Billionaire Proposes a Titanic Replica…Again

Is it time we give Titanic tourism a rest?

A computer generated 3D illustration of the historic passenger ship, the Titanic. Do we really need a Titanic II?
Another day, another plan to launch the Titanic II.
Getty Images

I don’t know about you, but I am very much of the belief that it’s time to put Titanic-centric tourism to rest. If we’ve learned anything from recent events, it’s that these things have a real penchant for going…awry.

Yet, here we are — just shy of the 112th anniversary of the sinking of the famed British luxury passenger liner — discussing the potential for a Titanic II! And no, I’m not talking about a sequel to the classic 1997 film, either.

Per CNN, Australian billionaire Clive Palmer has, not for the first time, proposed a rebuild of the original RMS Titanic. Originally pitching the idea in 2012, and again in 2018, Palmer was forced to pump the breaks in recent years chiefly due to the pandemic. (You might recall how notoriously unpopular cruises became at the onset of the COVID-19 outbreak.) But because “[i]t’s a lot more fun to do the Titanic than it is to sit at home and count [his] money,” as Palmer reportedly told local media at a press briefing at the Sydney Opera House earlier this month, he’s now apparently interested in circling back.

If the project comes to fruition this time around, the idea is that the Titanic II will feel exactly like its namesake did in 1912, insofar as passengers “will be encouraged to dress for the 1900s” and “third class passengers will be treated to stew and mash at long tables in a communal dining room — as they were on the original boat,” CNN writes, citing a spokesperson for Blue Star Line, the company behind the project. Further, while capacity is targeted at 2,345 passengers across nine decks and 835 cabins, nearly half of the latter will be reserved exclusively for first-class passengers. (Just like the lifeboats IRL!) What could be more fun than paying money to cosplay as a poor immigrant seeking a better life in the U.S., but ultimately — and unnecessarily — sent to a watery grave instead?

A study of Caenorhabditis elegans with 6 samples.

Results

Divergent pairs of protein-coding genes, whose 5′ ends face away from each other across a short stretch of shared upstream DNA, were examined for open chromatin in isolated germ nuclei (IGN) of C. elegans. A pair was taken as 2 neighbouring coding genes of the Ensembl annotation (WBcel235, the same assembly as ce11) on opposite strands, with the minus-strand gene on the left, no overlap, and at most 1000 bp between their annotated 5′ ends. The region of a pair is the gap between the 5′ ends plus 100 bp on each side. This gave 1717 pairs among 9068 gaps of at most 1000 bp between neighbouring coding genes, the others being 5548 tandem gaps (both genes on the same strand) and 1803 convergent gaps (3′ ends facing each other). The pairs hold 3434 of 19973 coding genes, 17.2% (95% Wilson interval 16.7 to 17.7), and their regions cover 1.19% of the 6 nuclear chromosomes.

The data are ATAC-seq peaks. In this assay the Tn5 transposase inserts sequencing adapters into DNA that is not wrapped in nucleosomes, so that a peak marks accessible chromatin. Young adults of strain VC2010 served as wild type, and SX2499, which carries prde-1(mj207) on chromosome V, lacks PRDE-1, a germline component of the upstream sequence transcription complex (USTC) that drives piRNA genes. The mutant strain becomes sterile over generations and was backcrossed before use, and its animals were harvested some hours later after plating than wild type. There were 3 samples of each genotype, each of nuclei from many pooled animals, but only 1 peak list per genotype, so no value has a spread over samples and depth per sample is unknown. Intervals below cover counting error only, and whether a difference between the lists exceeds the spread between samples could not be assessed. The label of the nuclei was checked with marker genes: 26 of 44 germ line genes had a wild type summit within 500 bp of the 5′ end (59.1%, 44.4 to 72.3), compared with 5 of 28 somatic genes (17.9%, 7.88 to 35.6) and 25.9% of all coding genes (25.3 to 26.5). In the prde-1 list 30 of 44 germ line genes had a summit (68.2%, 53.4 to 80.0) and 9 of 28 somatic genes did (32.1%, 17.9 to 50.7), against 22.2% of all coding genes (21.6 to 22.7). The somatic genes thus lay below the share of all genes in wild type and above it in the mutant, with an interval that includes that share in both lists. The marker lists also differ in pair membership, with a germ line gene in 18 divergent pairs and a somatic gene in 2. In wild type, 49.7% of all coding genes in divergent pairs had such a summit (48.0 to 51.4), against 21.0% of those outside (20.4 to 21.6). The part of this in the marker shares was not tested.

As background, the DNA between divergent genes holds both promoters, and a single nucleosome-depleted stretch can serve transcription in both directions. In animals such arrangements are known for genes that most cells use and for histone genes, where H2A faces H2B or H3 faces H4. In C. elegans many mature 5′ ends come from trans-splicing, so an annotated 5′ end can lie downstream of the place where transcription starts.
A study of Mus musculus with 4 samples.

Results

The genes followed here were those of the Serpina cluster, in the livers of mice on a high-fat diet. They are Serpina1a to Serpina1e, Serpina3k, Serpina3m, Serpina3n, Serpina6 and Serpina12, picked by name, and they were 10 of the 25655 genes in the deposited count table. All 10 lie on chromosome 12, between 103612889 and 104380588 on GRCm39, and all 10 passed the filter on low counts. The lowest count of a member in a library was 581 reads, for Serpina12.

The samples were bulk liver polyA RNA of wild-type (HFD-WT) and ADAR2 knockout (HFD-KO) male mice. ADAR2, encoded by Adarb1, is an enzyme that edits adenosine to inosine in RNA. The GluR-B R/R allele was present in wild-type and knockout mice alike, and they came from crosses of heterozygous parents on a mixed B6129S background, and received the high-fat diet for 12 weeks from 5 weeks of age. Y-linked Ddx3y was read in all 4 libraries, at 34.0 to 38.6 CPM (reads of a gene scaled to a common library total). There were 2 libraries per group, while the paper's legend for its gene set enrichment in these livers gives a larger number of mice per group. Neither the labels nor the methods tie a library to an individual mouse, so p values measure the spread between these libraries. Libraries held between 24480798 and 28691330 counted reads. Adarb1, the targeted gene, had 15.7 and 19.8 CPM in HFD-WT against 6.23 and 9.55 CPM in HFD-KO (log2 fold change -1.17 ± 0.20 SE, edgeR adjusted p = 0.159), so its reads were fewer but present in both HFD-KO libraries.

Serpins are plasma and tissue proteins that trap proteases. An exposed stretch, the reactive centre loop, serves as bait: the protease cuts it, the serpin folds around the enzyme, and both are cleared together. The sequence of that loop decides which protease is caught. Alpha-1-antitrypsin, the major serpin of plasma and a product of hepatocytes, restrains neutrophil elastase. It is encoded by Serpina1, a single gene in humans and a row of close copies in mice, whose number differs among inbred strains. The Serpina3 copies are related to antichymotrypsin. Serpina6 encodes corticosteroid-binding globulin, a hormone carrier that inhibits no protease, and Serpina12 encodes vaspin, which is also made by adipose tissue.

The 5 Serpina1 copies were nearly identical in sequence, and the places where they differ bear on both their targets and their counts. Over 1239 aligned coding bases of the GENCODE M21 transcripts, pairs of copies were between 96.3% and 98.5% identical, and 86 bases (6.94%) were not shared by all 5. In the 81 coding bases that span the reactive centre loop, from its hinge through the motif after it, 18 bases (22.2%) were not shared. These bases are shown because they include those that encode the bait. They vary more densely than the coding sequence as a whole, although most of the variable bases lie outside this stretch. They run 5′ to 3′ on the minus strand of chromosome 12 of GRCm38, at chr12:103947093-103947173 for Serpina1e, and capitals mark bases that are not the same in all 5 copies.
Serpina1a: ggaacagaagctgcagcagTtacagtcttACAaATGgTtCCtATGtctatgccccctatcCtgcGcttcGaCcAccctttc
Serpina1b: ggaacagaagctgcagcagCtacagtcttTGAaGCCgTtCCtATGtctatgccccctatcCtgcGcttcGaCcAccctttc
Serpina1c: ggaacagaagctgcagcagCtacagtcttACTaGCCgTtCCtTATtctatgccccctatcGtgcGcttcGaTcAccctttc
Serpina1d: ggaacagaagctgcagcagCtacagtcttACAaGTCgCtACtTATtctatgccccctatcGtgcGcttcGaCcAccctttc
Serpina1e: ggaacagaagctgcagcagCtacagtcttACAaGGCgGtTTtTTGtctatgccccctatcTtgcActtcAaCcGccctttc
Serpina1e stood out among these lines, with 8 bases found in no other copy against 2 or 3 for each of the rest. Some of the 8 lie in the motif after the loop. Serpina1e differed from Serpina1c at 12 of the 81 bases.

The plans, as CNN notes, are very similar to the original Titanic but with current regulations in mind. Work on the ship is set to begin in early 2025, though Blue Star Line has yet to confirm a ship builder (Palmer, the company’s chairman, is currently seeking bids). According to the plans, it will be 269 meters long and 32.2 meters wide, which is actually marginally wider than the OG ship — presumably good news for the Rose Dawson Calverts (née DeWitt-Bukater) of the world.

“We are very pleased to announce that after unforeseen global delays, we have reengaged with partners to bring the dream of Titanic ll to life,” Palmer said in a press release. “Let the journey begin.”

Of course, Palmer isn’t alone in his preoccupation with the Titanic. In fact, despite the lofty price tag associated with visiting the actual wreckage, Titanic tourism is actually a pretty lucrative industry. What sets him apart? I would argue it’s his quest for world peace by way of the Titanic II: “We all know how to make war. We get armies and we fund wars. People know about that. But it is a lot harder to make peace. To make peace you have got to stick with it every day. You progress inch by inch,” he said in the release.

“Titanic ll is something that can provide peace. It can be a ship of peace between all countries of the world,” he added. “Millions have dreamt of sailing on her, seeing her in port and experiencing her unique majesty. Titanic ll will be the ship where those dreams come true.”

As a reminder, the original ship was literally dubbed “The Ship of Dreams.” Seen this movie, roll credits.